When a senior loved one is diagnosed with Parkinson’s disease, getting over the initial shock can take time. This is just as true for family members as it is for the senior who has been diagnosed. How you respond in the days and weeks that follow your loved one’s diagnosis can have a significant impact on his or her short- and long-term wellbeing.
Offer Your Support
It’s important to offer support early on and to state your commitment to helping your loved one maintain a high quality of life. Seniors can gain tremendous relief by simply learning they don’t have to face this challenge on their own. Although many aging adults are eager to maintain a sense of autonomy, having a flexible support system can be comforting.
Talk about Long-Term Plans
This is also a good time to initiate discussions about your loved one’s long-term plans. These conversations are rarely easy, but they’re necessary. Talk to your loved one about putting his or her wishes for long-term care in writing and drafting a living will. You can also find out whether your parent wants to age in place and discuss feasible strategies for doing so, such as finding specialized Parkinson’s care.
Many seniors in the later stages of Parkinson’s can continue to live at home, but they’ll likely need assistance from a family member or other caregiver to do so safely. If you’re the primary caregiver for a senior family member and you need respite care, Anchorage, AK, Home Care Assistance is here to help. Our respite caregivers are trained to assist older adults with a wide variety of everyday tasks, including meal prep, physical activity, and personal hygiene. We also provide 24-hour care and specialized care for seniors with Alzheimer’s, dementia, and Parkinson’s.
Create & Share a List of Resources
Use the web to compile a list of resources that can help as your loved one’s needs and abilities change. This list can include everything from home care companies to assistive devices designed to make everyday tasks easier for those who are experiencing loss of fine motor control. You can look up local meal delivery services, options for senior transportation assistance, and local Parkinson’s support groups. Organize your list in easy-to-follow sections so your loved one’s developing communication issues don’t diminish the value of your efforts.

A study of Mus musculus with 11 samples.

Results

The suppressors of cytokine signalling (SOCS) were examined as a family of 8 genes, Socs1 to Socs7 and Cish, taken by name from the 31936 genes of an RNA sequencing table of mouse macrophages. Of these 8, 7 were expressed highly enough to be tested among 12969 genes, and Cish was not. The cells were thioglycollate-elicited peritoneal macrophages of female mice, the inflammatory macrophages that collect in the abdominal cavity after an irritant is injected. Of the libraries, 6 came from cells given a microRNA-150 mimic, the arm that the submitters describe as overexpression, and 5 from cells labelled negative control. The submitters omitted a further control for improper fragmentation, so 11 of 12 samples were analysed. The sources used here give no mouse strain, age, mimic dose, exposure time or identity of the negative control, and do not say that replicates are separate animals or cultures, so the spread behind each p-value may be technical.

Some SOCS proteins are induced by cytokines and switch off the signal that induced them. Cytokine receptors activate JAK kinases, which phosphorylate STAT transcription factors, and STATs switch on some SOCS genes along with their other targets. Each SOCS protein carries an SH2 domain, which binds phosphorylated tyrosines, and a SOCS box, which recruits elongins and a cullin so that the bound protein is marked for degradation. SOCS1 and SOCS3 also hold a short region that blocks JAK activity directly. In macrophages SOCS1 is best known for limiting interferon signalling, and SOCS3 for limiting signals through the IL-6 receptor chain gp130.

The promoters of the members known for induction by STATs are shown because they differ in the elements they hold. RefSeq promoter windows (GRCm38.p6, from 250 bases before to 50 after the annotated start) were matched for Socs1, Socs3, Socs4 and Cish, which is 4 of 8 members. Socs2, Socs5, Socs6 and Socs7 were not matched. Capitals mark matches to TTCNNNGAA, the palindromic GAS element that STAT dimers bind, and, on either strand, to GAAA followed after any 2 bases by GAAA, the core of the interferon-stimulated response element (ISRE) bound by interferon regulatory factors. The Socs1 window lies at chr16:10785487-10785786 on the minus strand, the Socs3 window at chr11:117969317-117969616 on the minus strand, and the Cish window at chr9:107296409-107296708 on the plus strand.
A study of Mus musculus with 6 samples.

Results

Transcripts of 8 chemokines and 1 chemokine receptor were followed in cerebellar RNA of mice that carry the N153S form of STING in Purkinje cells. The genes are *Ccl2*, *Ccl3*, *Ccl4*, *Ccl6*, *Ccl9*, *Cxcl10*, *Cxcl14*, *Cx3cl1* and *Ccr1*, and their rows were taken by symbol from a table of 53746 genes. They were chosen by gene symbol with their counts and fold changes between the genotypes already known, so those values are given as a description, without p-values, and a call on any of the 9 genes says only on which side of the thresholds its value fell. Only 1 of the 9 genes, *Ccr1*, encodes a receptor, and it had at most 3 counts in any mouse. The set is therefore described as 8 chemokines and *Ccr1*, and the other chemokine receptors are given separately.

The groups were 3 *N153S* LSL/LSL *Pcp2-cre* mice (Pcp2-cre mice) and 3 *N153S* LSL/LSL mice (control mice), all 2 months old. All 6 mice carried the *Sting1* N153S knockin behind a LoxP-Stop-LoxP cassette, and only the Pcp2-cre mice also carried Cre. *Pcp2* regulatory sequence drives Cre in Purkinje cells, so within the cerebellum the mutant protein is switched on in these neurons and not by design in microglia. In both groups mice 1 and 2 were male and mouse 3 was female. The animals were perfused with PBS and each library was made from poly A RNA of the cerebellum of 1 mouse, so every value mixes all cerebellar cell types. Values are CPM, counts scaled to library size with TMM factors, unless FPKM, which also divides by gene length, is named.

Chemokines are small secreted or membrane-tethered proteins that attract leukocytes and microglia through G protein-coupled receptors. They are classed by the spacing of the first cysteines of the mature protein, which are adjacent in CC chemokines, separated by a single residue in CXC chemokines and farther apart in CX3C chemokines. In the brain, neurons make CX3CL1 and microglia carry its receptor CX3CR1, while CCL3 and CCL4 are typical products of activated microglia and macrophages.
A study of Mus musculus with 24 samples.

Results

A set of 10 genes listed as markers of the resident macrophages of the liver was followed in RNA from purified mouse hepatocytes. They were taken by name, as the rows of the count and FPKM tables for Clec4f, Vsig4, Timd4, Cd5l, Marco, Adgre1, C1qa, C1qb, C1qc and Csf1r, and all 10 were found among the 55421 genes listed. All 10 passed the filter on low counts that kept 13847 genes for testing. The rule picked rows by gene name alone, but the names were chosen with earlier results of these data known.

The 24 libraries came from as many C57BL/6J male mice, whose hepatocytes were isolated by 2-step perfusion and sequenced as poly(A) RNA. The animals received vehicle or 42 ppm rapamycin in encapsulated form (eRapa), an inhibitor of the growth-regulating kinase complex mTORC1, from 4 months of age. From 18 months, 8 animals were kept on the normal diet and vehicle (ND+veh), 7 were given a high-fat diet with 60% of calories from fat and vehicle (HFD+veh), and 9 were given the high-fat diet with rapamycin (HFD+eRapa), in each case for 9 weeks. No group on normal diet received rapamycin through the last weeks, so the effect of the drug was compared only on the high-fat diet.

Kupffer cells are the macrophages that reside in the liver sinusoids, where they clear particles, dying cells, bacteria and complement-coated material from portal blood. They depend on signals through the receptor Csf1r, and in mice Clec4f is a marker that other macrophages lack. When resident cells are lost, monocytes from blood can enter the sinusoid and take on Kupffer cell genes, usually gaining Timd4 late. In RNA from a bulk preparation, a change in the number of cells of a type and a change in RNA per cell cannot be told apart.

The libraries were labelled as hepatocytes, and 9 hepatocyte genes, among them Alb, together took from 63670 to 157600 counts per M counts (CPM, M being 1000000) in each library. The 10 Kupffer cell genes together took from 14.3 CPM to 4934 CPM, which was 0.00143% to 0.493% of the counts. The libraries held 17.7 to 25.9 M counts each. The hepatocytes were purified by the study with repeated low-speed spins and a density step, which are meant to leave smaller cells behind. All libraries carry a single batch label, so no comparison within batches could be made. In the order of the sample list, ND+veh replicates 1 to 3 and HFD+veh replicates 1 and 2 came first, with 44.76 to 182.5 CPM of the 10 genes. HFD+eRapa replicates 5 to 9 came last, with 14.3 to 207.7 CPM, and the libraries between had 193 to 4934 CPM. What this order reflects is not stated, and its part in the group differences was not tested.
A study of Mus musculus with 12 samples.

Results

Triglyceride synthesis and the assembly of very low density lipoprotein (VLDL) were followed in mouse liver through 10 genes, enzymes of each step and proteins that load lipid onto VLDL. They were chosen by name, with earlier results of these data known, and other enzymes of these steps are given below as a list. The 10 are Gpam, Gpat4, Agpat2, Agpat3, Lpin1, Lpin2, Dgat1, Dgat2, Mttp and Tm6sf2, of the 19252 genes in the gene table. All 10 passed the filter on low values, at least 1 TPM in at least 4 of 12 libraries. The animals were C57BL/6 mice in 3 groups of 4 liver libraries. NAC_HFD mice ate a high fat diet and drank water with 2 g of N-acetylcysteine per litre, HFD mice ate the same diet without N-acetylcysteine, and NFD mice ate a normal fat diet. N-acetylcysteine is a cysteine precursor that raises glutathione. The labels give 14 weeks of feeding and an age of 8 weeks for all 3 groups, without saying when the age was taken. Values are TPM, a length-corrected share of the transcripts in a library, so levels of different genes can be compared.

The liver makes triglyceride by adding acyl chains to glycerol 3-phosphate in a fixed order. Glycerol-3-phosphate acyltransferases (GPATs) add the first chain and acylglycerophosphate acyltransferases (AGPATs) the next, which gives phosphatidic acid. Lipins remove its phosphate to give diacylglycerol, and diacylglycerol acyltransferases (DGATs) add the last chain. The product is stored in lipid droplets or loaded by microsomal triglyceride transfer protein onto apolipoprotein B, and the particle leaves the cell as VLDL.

Learn More about the Disease
Parkinson’s affects fine motor control and mental health in a variety of ways. Both dopamine and serotonin production are likely to decrease, which can lead to tremors, a marching or shuffling gait, and other mobility issues. Many family members are surprised to discover seniors with Parkinson’s are also prone to bouts of overwhelming depression and anxiety. They can even have a difficult time processing conversations that change course too often or move along too rapidly. Understanding these developments will make it easier for you to provide support that’s in line with your loved one’s changing needs.
At some point, your loved one may get a great deal of benefit from having a professional caregiver help with everyday tasks. Families looking for top-rated senior home care providers can reach out to Home Care Assistance. From respite care to specialized Alzheimer’s, dementia, stroke, and Parkinson’s care, there are many ways we can make life easier for seniors and their loved ones.
Accompany Your Loved One to the Next Doctor’s Appointment
Ask if you can tag along for your loved one’s next doctor’s visit. This will give you the opportunity to offer greater support, learn more about the treatment plan, and get in-depth and up-to-date information on your parent’s condition. You can talk to the doctor about what to expect and get advice on how to help your loved one maintain a safe and comfortable lifestyle.
The symptoms of Parkinson’s disease can be difficult to manage, and family caregivers can easily get overwhelmed. Caring for a senior loved one can be challenging for families who don’t have expertise or professional training in home care, but this challenge doesn’t have to be faced alone. Family caregivers can turn to Anchorage Home Care Assistance for the help they need. We provide high-quality live-in and respite care as well as comprehensive Alzheimer’s, dementia, stroke, and Parkinson’s care. Call one of our friendly Care Managers at (907) 770-0907 to learn about ways our experienced caregivers can help your loved one.